I receive many letters and emails each month and more and more the letters and emails are from married men and women (and men and women in committed partnerships) who are becoming involved in office romances.
Here’s a recent example:
Dear Dr. Jackie:
I have been married for 12 years. I have fallen deeply in love with a co-worker (though she says she only wants to be friends). Though we don’t have sex, we spend a lot of time together and we have become very close. I cannot see enough of her. She is funny, intelligent, sexy, and I love being with her. For a while I pretended that everything was okay in my marriage. Then I told my wife I was feeling confused, trapped, and needed some time to work some things out. I know she is devastated by the sudden change in me. I offered to move out and she said no. I feel badly about all of this. On one hand I am loved by someone who would welcome me back in a second. On the other, I am totally consumed by someone else. This is not like me. What should I do?
The late Dr. Shirley Glass, author of NOT “Just Friends” spoke about “the new crisis of infidelity.”
By her definition, infidelity is any clandestine “sexual, romantic, or emotional involvement that violates commitment to an exclusive relationship.”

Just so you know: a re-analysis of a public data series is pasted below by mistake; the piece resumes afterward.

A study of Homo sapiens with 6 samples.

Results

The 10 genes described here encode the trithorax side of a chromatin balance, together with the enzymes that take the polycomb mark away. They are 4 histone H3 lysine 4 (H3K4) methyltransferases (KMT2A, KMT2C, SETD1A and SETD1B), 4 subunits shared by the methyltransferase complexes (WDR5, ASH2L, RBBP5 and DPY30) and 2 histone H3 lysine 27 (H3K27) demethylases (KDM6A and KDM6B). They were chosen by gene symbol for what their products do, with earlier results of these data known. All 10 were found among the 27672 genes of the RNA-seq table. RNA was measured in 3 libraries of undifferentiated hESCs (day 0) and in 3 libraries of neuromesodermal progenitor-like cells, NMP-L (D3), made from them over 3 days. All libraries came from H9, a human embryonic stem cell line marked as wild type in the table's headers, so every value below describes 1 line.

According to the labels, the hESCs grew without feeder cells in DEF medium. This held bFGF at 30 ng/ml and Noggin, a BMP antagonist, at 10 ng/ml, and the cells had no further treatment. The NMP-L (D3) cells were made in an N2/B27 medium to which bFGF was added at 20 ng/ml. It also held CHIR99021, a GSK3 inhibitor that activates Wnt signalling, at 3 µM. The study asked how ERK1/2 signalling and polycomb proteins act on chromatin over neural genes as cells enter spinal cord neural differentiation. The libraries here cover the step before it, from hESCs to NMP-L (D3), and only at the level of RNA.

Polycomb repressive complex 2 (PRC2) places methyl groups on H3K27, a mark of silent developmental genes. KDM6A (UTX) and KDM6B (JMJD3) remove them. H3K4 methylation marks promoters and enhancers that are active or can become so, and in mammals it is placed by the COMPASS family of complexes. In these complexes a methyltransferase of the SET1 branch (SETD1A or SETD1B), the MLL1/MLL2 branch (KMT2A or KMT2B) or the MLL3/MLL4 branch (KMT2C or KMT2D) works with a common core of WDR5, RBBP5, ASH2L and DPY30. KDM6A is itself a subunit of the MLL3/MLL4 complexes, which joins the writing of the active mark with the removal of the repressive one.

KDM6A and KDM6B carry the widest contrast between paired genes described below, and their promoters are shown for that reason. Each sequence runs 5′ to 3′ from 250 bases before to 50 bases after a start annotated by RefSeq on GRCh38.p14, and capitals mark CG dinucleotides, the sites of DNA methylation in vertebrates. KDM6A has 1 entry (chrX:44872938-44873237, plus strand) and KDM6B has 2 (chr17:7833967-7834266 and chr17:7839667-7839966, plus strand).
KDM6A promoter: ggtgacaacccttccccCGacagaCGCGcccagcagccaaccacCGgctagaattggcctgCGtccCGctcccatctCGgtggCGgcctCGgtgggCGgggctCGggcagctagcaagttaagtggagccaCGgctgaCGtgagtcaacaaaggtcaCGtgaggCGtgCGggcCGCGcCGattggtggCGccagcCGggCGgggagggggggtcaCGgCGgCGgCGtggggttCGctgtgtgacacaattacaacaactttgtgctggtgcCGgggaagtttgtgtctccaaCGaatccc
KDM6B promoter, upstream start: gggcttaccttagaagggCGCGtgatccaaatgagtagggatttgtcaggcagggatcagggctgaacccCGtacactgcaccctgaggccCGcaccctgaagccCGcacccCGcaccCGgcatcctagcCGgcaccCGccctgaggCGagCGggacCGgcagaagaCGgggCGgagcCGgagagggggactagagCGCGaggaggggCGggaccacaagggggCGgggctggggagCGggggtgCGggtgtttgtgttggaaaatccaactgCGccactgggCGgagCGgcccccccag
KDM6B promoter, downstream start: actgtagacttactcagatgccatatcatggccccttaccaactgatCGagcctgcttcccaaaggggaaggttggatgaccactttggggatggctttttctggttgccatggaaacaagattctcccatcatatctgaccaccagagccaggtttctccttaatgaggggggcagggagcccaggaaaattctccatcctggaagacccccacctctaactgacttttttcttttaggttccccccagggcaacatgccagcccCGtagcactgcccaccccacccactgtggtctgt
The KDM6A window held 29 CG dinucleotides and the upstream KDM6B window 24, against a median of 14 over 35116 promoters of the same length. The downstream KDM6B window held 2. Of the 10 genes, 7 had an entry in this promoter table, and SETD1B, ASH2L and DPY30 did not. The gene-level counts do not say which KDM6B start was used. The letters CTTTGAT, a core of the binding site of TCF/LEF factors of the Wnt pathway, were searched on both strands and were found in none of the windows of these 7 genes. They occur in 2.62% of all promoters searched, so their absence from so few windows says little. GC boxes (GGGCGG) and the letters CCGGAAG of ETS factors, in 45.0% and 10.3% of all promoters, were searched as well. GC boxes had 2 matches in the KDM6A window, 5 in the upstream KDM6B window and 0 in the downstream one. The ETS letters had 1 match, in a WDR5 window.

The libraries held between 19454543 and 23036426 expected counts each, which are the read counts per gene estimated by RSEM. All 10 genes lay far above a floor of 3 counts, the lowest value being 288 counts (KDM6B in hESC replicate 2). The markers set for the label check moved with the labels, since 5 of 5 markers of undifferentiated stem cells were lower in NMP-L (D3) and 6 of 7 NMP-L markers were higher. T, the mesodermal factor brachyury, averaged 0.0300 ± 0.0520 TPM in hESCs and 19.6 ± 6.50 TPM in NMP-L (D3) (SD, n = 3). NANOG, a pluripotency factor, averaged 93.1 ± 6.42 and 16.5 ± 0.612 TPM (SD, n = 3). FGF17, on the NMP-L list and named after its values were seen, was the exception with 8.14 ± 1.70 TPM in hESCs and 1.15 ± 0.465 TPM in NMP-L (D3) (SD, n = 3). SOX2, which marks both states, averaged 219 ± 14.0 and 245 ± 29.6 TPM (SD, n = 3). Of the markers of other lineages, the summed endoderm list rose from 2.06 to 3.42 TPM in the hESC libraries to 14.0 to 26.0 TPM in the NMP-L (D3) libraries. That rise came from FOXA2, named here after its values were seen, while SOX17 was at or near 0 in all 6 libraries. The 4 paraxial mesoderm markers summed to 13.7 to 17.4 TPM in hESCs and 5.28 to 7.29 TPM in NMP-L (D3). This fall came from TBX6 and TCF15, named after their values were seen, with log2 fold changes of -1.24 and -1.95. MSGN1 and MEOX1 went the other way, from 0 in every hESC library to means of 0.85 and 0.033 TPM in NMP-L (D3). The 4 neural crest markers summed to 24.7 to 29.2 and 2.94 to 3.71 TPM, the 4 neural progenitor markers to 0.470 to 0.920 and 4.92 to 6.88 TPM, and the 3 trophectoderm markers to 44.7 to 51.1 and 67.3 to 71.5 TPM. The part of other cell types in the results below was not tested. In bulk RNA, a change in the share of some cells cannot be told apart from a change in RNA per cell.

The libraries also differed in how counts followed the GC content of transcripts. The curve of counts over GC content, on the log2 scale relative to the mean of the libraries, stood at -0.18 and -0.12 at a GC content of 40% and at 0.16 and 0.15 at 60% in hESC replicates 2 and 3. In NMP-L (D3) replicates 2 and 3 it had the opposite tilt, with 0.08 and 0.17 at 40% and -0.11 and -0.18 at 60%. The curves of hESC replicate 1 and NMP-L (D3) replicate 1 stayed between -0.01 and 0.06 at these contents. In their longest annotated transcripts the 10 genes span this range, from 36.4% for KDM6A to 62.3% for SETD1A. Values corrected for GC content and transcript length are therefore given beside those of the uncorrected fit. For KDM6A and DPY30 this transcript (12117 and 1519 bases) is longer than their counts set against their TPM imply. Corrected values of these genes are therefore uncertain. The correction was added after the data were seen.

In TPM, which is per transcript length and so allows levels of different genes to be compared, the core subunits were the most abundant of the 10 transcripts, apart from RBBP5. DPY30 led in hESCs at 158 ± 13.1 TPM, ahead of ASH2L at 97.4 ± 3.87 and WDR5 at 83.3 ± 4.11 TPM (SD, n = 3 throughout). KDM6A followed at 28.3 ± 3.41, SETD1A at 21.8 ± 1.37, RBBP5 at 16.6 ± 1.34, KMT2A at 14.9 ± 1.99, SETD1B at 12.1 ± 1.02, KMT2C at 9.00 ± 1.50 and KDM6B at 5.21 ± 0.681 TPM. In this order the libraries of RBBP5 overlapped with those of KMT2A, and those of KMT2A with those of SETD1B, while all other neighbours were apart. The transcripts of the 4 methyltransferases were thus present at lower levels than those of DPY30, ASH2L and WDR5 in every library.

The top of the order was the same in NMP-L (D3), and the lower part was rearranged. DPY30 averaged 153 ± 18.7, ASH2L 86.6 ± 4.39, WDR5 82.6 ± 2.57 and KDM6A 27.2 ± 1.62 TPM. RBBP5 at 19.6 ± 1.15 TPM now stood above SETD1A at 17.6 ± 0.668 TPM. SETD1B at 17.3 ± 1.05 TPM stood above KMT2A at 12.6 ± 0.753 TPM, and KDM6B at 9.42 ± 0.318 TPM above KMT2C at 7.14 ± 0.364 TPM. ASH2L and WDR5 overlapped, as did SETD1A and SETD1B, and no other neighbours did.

“The crisis is that … men and women are working with people that they respect, people that they have intellectual interests with, people that they share excitement over projects, frustration over deadlines. And so the relationship begins as a platonic friendship that’s very deep and rich. And what happens is that, over time, they begin to share more and more of their personal lives together.”
This type of intimate sharing of personal thoughts and feelings is, Glass asserts, more detrimental to marriage because, unlike casual sexual encounters, these interactions create strong bonds between the people.
And once this level of personal intimacy grows, the dreaded sexual affair is just on the horizon.
Please be aware that personal and professional friendships between men and women have become so prevalent and accepted that, according to Glass, even “good” people in “good” marriages can be swept away in a riptide of emotional intimacy more potent than sheer sexual attraction. Even strong, nurturing marriages can be rocked by office romances.
NOT “Just Friends” is the first book to shatter popular assumptions about infidelity, including: a happy marriage is insurance against infidelity; the betrayed partner must have ignored obvious clues; and the unfaithful partner was compensating for emotional or sexual deprivation in the marriage.
I enthusiastically recommend this book to all my readers and clients. Don’t hide your head in the sand. Don’t be scared. Be smart and be proactive.
Remember, only YOU can make it happen!